There are various ethical actions that should be undertaken by a nurse when handling the issue of genomics. Firstly, nurses should perform a risk assessment to ascertain whether the patient is legible for genetic operation. The nurse should ensure that the health of the patient is not at risk before being allowed to undergo genetic modification. Secondly, a nurse should analyze the relationship between genetics and the disease being treated. If the correlation between genetics and type of disease is insignificant, the patient should not undergo genetic alteration (Haber & Singh, 2014). Thirdly, the patient's consent should be obtained by the nurse before any genetic modification is carried out. The nurse should ensure that the patient is in sound mind while signing the consent form. Before issuing the consent form, the nurse should clearly explain to the patient the impacts of genetic modification on his/her health. Nurses are also obliged to provide information on genetics to patients if they are likely to undergo genomic procedures. Moreover, nurses should keep family members informed of the progress of genomic operation being performed. Additionally, a nurse should discuss with patient's family the implications of the genomic procedure on the life of the patient.
There are legal issues that may be associated with genomics is the patient's right to treatment. It is the right of the patient to be treated, failure to which the healthcare professional may be sued. Also, the nurse should ensure that the consent form is duly signed by the patient while in a sober state. Also, a genomic procedure should not be performed on patients without their knowledge or against their will (Haber & Singh, 2014). The nurse should categorically inform the patient and family members of the procedure to be performed so as to give an opinion on the matter. If the parties reject the genomic operation, their will should be respected and no procedure should be performed.
The ethical issues in the case study are that the patient is in need of immediate medical treatment. The nurses have to attend to the patient first before others so as to save a life. The patient has the right to be treated regardless of whether they are conscious or not. Another ethical issue is that the trauma alert has gone off, and therefore nurses who are in a position to assist should move to the emergency section to attend to the patient who is in a critical condition. It is ethical for nurses to volunteer in times of emergency to assist in any way with the purpose of trying to save a life (Cohen et al., 2013). Besides, it is ethical for the neurosurgeon to discuss the progress of the treatment with patient's family members and informing them of their father's condition.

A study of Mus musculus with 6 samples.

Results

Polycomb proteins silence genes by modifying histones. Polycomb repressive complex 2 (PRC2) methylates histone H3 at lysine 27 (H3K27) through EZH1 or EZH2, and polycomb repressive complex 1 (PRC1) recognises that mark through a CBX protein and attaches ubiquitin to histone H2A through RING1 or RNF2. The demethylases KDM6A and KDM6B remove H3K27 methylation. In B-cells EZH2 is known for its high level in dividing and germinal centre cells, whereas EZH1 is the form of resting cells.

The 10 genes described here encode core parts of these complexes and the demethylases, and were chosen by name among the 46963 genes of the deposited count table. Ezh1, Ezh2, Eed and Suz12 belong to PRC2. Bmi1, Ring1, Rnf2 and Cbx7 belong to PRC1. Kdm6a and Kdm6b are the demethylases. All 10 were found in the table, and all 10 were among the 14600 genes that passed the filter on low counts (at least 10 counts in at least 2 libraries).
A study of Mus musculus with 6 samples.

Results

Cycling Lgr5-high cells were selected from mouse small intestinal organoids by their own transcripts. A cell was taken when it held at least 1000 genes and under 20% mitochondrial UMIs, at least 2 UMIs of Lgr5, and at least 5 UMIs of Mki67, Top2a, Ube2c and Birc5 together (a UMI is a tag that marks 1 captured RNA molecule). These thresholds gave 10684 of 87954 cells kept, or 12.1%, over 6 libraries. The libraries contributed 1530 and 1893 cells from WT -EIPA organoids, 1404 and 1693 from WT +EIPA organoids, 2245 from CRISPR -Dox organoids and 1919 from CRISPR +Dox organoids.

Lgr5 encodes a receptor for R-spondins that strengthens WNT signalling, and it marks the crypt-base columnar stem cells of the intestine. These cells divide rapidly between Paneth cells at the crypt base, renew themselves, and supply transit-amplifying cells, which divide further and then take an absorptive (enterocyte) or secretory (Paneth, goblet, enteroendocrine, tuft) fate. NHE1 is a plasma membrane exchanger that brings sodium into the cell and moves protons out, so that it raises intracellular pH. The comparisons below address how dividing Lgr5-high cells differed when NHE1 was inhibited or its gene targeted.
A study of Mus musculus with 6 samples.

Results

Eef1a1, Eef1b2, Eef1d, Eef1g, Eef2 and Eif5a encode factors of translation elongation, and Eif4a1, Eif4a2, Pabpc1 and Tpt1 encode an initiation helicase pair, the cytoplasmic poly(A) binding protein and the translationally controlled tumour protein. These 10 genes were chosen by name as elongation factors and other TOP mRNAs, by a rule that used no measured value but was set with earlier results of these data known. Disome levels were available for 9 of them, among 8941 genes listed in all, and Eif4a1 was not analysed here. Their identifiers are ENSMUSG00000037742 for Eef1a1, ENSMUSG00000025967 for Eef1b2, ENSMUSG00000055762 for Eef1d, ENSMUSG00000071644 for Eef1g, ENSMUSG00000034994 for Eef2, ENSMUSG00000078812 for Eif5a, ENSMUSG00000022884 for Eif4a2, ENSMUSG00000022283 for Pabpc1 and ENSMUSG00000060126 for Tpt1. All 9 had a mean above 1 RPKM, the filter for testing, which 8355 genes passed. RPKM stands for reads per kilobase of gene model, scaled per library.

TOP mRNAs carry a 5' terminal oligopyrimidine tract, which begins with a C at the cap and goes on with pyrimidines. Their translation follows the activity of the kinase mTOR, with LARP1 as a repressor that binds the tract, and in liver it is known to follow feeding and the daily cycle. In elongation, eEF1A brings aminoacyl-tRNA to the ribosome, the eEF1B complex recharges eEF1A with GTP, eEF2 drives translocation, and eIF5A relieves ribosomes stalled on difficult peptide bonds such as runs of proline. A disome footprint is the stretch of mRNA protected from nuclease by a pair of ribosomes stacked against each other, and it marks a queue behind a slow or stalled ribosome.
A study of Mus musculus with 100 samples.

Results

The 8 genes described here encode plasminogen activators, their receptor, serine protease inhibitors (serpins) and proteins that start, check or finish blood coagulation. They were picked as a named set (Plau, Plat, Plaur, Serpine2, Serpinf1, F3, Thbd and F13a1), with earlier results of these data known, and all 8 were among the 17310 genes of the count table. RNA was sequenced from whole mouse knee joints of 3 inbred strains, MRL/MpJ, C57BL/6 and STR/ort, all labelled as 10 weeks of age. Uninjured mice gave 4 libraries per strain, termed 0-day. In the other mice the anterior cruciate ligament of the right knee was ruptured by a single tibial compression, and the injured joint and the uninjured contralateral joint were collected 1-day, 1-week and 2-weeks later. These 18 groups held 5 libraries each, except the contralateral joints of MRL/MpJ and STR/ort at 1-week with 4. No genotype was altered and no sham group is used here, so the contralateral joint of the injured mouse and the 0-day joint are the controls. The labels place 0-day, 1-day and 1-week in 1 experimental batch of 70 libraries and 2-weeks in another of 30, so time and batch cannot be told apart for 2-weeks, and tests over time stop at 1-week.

One of the legal issues is that the patient has self-inflicted Gun Shot Wound (GSW), and therefore the local police should inform on the incident as treatment is in progress.
After receiving the information that the patient had signed DNR orders, there arise both legal and ethical issues. The patient left a signed Do Not Resuscitate (DNR) note two days ago. The DNR is a legal document that should be respected and downplaying its significance may result in a legal case (Haber & Singh, 2014). It is an ethical aspect to respect the wishes of the patient as expressed in the DNR form. Besides, it ethical to consider the circumstances under which the DNR was signed to determine whether to honor it or continue with the surgery. Also, it is ethical to consider the input of the family members towards the treatment process to understand the best course of action. It can be stated that the patient was not in a sound state of mind while signing the DNR note owing to the emotional stress of bereavement, and therefore the neurosurgeon should continue with the operation as per the family members' wishes. The conditions surrounding the patient at the time of signing the DNR may have clouded his decision.
Baltimore, D., Berg, P., Botchan, M., Carroll, D., Charo, R. A., Church, G., & Greely, H. T. (2015). A prudent path forward for genomic engineering and germline gene modification. Science, 348(6230), 36-38.
Cohen, D., Sevdalis, N., Taylor, D., Kerr, K., Heys, M., Willett, K., & Darzi, A. (2013). Emergency preparedness in the 21st century: Training and preparation modules in virtual environments. Resuscitation, 84(1), 78-84.
Haber, J., & Singh, M. D. (2014). Legal and ethical issues. Nursing Research in Canada-E-Book: Methods, Critical Appraisal, and Utilization, 112.